Carnival cruises tend to be known for their exotic destinations, staff aiming to please, and a trip of a lifetime. Yet those weren’t what made my 4 day trip to Cozumel so memorable. That was all because of some towel animals.
My family is not unfamiliar with the fluffy creatures left behind by house-keeping. We have been to Disney before, and when you return to the hotel after a day spent next to toddlers on leashes, dogs in baby carriers, and a whole lot of body odor mixed in with blistering heat, a towel animal tends to bring a small smile to your face before you collapse on the bed in exhaustion. But when the Wilcher family went to Disney, the youngest member was too young to remember most of it, including the towel animals.
Joy. Pure, innocent joy. That’s the only way I can describe my little sister’s face when she saw the towel greeter, later named Gerald. On the bed sat a creature that probably took an experienced staff member a total of 2 minutes to do, yet changed her mood instantly. For those who have never seen it, let me tell you something – True love at first towel does exist. Gerald instantly became a part of the family. He was introduced to everyone, and once those casual greetings were over, that was when the real fun began.
Gerald spent the rest of the day with us, learning where everything was on the ship, to sitting next to my mom in the sun chairs while my little sister and I swam. He was even given his own drink (we called it Suds, but it was really just soapy water). By the time we made it back into our rooms that night, Gerald was starting to get worn out. That’s not a good thing. No one could fix Gerald had he started to really fall apart, but we seemed to have a guardian towel. A new friend was delivered the next day.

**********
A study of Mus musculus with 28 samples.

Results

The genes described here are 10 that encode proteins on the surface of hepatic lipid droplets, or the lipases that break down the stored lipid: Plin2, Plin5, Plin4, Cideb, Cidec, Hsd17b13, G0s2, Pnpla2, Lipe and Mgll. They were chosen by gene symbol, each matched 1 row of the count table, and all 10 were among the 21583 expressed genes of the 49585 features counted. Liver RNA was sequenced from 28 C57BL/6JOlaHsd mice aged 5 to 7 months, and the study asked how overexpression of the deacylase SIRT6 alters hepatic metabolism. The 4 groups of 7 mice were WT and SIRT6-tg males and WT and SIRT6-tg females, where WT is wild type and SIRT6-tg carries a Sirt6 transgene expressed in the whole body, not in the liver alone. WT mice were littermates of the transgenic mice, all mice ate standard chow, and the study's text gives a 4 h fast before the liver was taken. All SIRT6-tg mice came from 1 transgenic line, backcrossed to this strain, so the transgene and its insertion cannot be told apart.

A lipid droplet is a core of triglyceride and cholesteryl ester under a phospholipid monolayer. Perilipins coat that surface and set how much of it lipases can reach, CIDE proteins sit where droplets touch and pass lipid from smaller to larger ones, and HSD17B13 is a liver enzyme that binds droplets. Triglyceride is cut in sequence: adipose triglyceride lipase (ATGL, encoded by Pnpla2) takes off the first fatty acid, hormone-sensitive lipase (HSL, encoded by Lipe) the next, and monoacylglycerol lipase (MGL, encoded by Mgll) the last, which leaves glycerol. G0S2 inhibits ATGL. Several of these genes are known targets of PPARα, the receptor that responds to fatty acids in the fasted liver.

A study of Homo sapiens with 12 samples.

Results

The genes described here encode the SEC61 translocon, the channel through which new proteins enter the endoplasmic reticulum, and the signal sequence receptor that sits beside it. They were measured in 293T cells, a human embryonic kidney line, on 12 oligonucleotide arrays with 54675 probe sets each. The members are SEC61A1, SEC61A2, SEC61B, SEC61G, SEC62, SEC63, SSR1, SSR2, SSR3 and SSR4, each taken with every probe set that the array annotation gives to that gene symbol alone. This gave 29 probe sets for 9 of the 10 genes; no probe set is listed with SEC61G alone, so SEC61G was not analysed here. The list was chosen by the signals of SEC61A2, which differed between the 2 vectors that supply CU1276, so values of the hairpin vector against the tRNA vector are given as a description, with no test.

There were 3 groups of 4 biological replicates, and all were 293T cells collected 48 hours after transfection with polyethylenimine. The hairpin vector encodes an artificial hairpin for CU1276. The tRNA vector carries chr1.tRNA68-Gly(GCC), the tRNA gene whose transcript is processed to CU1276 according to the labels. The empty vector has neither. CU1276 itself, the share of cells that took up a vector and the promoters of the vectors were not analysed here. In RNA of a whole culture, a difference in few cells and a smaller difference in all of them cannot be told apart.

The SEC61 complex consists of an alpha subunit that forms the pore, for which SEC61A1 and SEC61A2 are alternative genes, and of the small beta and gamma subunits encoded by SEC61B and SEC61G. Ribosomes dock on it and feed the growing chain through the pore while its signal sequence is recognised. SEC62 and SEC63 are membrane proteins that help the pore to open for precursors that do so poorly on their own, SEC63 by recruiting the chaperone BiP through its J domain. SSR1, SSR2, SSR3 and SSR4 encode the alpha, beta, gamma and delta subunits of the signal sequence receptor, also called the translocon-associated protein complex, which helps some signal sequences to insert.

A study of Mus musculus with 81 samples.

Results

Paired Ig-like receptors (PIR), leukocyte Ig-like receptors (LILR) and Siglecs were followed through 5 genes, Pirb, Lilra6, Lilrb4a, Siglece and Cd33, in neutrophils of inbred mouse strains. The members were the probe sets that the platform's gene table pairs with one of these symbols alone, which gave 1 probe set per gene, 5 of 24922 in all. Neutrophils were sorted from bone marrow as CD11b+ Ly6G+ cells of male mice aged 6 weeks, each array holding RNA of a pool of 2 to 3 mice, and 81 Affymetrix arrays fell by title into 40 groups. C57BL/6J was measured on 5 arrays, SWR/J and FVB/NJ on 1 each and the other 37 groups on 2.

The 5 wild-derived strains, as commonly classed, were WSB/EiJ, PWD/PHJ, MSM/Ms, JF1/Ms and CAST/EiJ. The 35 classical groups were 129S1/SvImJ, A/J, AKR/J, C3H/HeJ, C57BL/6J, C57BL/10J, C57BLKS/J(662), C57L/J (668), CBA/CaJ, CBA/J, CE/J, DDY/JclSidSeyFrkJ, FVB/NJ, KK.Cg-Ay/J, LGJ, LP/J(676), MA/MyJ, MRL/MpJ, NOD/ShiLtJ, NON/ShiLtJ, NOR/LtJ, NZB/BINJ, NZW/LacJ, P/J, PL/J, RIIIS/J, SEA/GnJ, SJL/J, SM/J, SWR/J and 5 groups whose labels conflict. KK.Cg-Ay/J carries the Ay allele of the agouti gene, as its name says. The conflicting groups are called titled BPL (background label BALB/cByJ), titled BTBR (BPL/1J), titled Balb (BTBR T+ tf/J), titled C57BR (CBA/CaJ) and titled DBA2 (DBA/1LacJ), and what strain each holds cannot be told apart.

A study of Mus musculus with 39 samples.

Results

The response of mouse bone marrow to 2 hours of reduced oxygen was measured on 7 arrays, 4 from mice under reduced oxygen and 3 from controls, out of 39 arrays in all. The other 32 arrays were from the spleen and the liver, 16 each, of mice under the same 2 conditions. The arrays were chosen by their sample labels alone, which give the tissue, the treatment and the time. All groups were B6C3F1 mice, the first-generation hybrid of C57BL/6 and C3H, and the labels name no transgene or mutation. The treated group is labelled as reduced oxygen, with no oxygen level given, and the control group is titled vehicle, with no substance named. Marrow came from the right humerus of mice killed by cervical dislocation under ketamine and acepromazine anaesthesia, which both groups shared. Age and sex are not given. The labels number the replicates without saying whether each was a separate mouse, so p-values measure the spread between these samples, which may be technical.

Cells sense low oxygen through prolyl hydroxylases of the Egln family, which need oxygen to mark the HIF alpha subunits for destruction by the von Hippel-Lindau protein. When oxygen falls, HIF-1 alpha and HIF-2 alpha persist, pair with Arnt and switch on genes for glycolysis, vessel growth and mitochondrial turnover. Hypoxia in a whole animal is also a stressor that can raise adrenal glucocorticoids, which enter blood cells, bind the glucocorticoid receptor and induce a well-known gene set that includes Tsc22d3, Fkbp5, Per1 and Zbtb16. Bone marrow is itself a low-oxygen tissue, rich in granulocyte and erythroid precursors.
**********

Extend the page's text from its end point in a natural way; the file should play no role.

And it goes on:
Along came Gregg, Woolie, and Elle. With each new friend came a new adventure. Elle went on the wave runner with us while we were docked in Cozumel. Yes, an elephant shaped towel went on a wave runner tour with us. Elle wasn’t allowed to go snorkeling for obvious reasons, but that didn’t stop her from talking up a storm with the local tour guides. Gregg was a die-hard reader. With a crackling voice that made everyone giggle, Gregg read stories to the other animals and to LW when it was time for sleep. Woolie was special. She wasn’t found in my younger sister’s room but in mine and my older sister’s. So technically, she was on loan. This made adventures a lot different. Instead of Woolie sitting by the pool waiting for LW to recount the reefs, also known as the bottom of the pool on the ship, she “had to remain by me all the time” . Woolie was there, right by my side, when my older sister and I won the coveted ‘00s music trivia’. She was not there when we went to the fancy dinner on the ship that night (she was seasick).
My family had created a connection to the towels through my younger sister, and on the last morning of the cruise, no one was up for saying goodbye. Through some surprisingly maturity, the baby of the family said, “If they don’t stay, another family won’t have fun. We can’t do that.” With that, we said our goodbyes, and I developed a new found respect for my little sister.
Dear Reader: This page may contain affiliate links which may earn a commission if you click through and make a purchase. Our independent journalism is not influenced by any advertiser or commercial initiative unless it is clearly marked as sponsored content. As travel products change, please be sure to reconfirm all details and stay up to date with current events to ensure a safe and successful trip.